Do you need an introduction to statistics or maybe just a refresher? Do you want to improve your understanding of data and use it to make decisions? If you’re looking for help with statistics, this online statistics course is for you!
With easy-to-understand examples combined with real-world applications, this course provides you with the skills and knowledge you need to start analyzing data. You will learn how to use, collect, and then apply data to real-life problems with charts, numbers, and graphs.
Beyond that, you will learn ways to visualize and measure relationships to make forecasts and predictions. Throughout the course, you will use real data and a variety of examples drawn from business and industry, health care, sports, education, politics, and the social sciences.
1 What Is Statistics, Anyway?
What do you know about statistics? How do you collect reliable data and use it to make informed decisions? In Lesson 1, you will learn some of the concepts and terms needed throughout the course. You will also find out how statistics affect events in the news and in your everyday life.
2 Quantitative Data: From Averages to z-Scores
Once you have a set of data, how can you summarize and interpret it to figure out what it really means? In Lesson 2, you will learn to summarize data and describe its center along with its variability. You will see how statistics plays a part in medicine, human resources, education, politics, finance, and marketing.
3 Displaying Quantitative Data: Dots, Plots, and Histograms
Is there an easier way of understanding data than peering at column after column of numbers? Yes. In Lesson 3, you will see quantitative data displayed in dot plots, histograms, and many other forms. Knowing how to read and construct these graphs will help you see patterns and spot unusual values in data.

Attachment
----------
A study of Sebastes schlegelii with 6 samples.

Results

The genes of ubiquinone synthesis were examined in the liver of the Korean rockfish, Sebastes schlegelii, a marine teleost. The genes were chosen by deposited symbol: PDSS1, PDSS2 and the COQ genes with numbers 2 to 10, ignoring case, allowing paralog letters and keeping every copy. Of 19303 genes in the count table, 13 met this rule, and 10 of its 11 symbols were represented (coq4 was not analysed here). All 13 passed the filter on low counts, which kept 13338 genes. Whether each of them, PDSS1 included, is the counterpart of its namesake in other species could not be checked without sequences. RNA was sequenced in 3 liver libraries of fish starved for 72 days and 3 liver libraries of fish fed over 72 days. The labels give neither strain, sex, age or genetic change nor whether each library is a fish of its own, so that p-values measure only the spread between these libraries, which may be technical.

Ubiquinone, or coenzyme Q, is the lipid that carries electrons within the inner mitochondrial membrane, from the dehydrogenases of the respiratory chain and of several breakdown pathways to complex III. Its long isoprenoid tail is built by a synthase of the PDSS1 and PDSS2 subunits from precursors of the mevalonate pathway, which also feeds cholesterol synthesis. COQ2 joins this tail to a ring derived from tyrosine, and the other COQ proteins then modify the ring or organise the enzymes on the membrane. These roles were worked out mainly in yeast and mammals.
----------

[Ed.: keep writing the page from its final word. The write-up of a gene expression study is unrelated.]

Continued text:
4 Displaying Qualitative Data: Percentages, Charts, and Graphs
"How much satisfaction do you get from your friendships?" "Which mountain is most dangerous to climb?" This lesson focuses on summarizing and displaying qualitative data from questions like these. You will use charts and tables to analyze real-world examples in business, medicine, and more.
5 Is There a Link? Scatterplots and Correlation
Is there a link between the poverty rate and the crime rate? Is your score on a math exam related to your anxiety level? This lesson looks at relationships between two quantitative variables. You will learn to make scatterplots and describe what you see.
6 Linear Regression: How Can We Predict the Future?
Can we predict the next world-record time in the mile run? How can we forecast CO2 levels in the atmosphere? This lesson dives into describing and measuring the association between variables. You will use linear regression to find an equation that models the data and use the equation to make predictions.
7 What's the Chance of That? Probability Concepts
What's the chance you will have a coin come up "heads" five times in a row? Lesson 7 explores the basics of probability. You will learn the rules that govern probability and see how to apply them in a variety of situations.
8 Probability Models: What's Normal?
What should you expect to happen in a game involving chance? How can you estimate the probability that a healthy baby will be born underweight? This lesson focuses on probability models and expected value. You will learn about the most common probability model in statistics: the normal model.
9 The Key to Inference: Sampling Distributions
How do you move beyond the sample at hand to make predictions and draw conclusions about the population? In Lesson 9, you will discover the key that lets you make inferences about the population. You will see the most important result in all of statistics—the central limit theorem.
10 How Certain Are We? Confidence Intervals for Proportions
"The margin of error for this poll is plus or minus 3%." What does that mean, anyway? This lesson introduces statistical inference and focuses on confidence intervals for proportions. You will learn to calculate the margin of error and use it to build an interval for estimating a population proportion.
11 Trial by Data: Testing Hypotheses About Proportions
Is there really a home team advantage in sports? Did that television ad your company bought result in increased awareness of your product? In Lesson 11, you will learn to answer questions such as these by testing an appropriate hypothesis using proportions.
12 Inference About Means
How do you test hypotheses about means? For example, can you use a confidence interval to estimate the average number of hours Americans use the Internet each week? Your last lesson introduces inference for means. You will learn to calculate and interpret confidence intervals and hypothesis tests for a mean. And you will find out what the history of statistics has to do with the quality of beer in Ireland.